Bones and All (R16, 130 mins) Directed by Luca Guadagnino ****½
In present day North America, Maren and Lee are on the run.
Maren has been driven to get on a Greyhound bus as far as it will take her – and to never look back at the carnage she is leaving behind, in the last town she and her daddy called home. Somewhere further up the map of the mid-west, Maren might find her mother. Or that might just be a cruel trick her daddy has played, to get her to leave.
Lee is another drifter, hopping from town to town in whatever pickup truck or wagon he can boost, from whoever his last victim was.
And somewhere out in the wilds, obsessed with meeting Maren again, is the older, quite mad and wildly dangerous Sully, who we know must turn up a few times before Luca Guadagnino’s Bones and All is allowed to shudder to halt.
Bones and All is based on the 2015 novel of the same name by Camille DeAngelis.
Guadagnino’s (Call Me By Your Name) first North American-shot film unfolds in a matter of fact and uninflected way, with only a minimum of flashbacks to fill in a few of Lee’s misremembered details. We come to know these characters as they come to know each other. The wary compromise that throws Maren and Lee together, believably becomes attraction – and then love. Just as the seemingly helpful and avuncular Sully becomes monstrous, as he lets his mask slip.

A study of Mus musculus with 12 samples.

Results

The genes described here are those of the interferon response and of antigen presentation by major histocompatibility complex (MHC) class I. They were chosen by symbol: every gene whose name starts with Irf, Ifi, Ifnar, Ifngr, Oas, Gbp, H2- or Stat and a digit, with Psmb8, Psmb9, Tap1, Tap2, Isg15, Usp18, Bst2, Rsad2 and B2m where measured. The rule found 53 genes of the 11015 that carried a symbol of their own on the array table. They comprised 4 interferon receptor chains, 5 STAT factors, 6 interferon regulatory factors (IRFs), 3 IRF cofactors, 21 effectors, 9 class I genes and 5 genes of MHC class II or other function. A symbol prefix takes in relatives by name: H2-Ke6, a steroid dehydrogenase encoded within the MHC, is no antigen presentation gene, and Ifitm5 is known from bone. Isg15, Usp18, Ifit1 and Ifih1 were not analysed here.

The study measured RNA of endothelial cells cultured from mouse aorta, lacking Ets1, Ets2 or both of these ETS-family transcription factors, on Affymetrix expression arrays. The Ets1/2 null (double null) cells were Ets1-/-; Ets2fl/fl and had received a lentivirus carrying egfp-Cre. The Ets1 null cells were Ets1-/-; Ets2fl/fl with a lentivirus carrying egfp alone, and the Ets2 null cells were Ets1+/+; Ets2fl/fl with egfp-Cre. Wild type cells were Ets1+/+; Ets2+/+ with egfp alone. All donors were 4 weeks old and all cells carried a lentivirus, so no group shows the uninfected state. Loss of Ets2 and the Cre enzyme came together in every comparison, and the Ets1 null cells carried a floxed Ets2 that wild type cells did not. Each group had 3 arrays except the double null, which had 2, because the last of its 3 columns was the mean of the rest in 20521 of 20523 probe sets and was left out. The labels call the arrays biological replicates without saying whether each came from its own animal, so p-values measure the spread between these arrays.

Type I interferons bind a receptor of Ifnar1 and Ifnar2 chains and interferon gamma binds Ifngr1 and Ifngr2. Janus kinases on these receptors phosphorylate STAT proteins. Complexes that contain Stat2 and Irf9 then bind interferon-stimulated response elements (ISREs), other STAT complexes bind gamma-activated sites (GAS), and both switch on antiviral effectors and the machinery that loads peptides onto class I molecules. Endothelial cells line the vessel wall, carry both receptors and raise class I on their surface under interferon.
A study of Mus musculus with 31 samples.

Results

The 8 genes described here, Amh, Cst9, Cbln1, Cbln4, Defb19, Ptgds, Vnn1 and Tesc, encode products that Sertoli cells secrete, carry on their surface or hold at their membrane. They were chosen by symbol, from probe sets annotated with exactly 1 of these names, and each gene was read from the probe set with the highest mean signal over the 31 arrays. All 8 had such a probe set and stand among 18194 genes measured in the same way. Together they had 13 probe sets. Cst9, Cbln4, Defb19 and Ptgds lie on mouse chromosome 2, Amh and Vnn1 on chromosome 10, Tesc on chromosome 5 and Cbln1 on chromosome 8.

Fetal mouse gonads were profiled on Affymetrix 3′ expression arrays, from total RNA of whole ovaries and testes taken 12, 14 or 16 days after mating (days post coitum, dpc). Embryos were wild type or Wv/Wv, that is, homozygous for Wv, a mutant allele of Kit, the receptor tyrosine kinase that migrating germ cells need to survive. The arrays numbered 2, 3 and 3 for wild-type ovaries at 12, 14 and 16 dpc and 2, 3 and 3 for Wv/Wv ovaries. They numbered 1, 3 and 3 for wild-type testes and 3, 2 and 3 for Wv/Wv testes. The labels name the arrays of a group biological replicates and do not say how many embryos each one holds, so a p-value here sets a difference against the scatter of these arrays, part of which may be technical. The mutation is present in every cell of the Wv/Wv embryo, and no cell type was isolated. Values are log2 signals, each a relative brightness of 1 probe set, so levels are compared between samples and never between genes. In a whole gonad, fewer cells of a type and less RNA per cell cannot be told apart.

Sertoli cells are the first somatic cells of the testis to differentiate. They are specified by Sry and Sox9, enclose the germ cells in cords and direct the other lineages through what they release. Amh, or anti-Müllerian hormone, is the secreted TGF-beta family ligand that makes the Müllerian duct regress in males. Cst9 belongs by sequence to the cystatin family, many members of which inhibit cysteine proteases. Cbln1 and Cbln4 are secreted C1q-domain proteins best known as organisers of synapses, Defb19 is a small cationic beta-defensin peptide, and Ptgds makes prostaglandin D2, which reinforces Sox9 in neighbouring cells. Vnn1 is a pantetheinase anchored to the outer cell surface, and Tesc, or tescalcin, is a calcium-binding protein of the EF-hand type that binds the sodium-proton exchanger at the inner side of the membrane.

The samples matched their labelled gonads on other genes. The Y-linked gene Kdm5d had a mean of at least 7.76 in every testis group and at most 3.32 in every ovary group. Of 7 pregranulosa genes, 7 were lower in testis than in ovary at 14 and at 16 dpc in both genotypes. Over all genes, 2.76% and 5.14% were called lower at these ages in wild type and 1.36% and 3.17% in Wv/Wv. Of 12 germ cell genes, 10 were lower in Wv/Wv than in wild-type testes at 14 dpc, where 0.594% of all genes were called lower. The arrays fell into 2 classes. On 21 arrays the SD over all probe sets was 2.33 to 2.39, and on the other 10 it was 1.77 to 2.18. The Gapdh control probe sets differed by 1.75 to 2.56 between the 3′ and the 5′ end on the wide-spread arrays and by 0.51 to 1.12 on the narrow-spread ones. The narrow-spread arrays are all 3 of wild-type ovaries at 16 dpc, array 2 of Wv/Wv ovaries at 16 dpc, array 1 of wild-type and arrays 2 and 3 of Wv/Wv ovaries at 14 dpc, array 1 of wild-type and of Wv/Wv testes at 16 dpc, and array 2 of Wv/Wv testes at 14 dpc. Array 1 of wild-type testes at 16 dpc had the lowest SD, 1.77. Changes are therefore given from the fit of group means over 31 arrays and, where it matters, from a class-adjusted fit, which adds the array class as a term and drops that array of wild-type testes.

Like Raw and Let The Right One In – the two most obvious recent comparisons – Bones and All is a study of adolescence at odds with society. It is a lot closer in tone to On The Road than it is to – say – Oliver Stone’s Natural Born Killers (sheesh, that’s a film that’s aged badly).
Timothée Chalamet (Dune) and Taylor Russell (Escape Room) are affecting and superb as the young lovers, while Mark Rylance (Don’t Look Up) turns in another of his gallery of scenery-chewing bit parts. Rylance is one of the most hypnotically watchable actors around – and his Sully is a villain for the ages. A late cameo from Chloe Sevigny is as perfect as it is chilling.
The cinematography by Arseni Khachaturan glows like he had a tribute to Terrence Malick’s Badlands in mind (he possibly did), while the soundtrack is from the reliably thunderous Trent Reznor and Atticus Ross (Mank), studded with tracks from everyone from Reznor’s Nine Inch Nails to A-Ha, Duran Duran and Kiss.
The pace is a little leisurely – and I reckon shaving 10 minutes out of the final third would have been a great idea. But this is still an engrossing, provoking and haunting film.
Bones and All isn’t just a horror movie, neither is it just a teen romance, or road movie. It is all of those things – and very beautifully – most of the time. Bones and All got under my skin and followed me around for days. Very recommended.
Bones and All is now screening in select cinemas nationwide.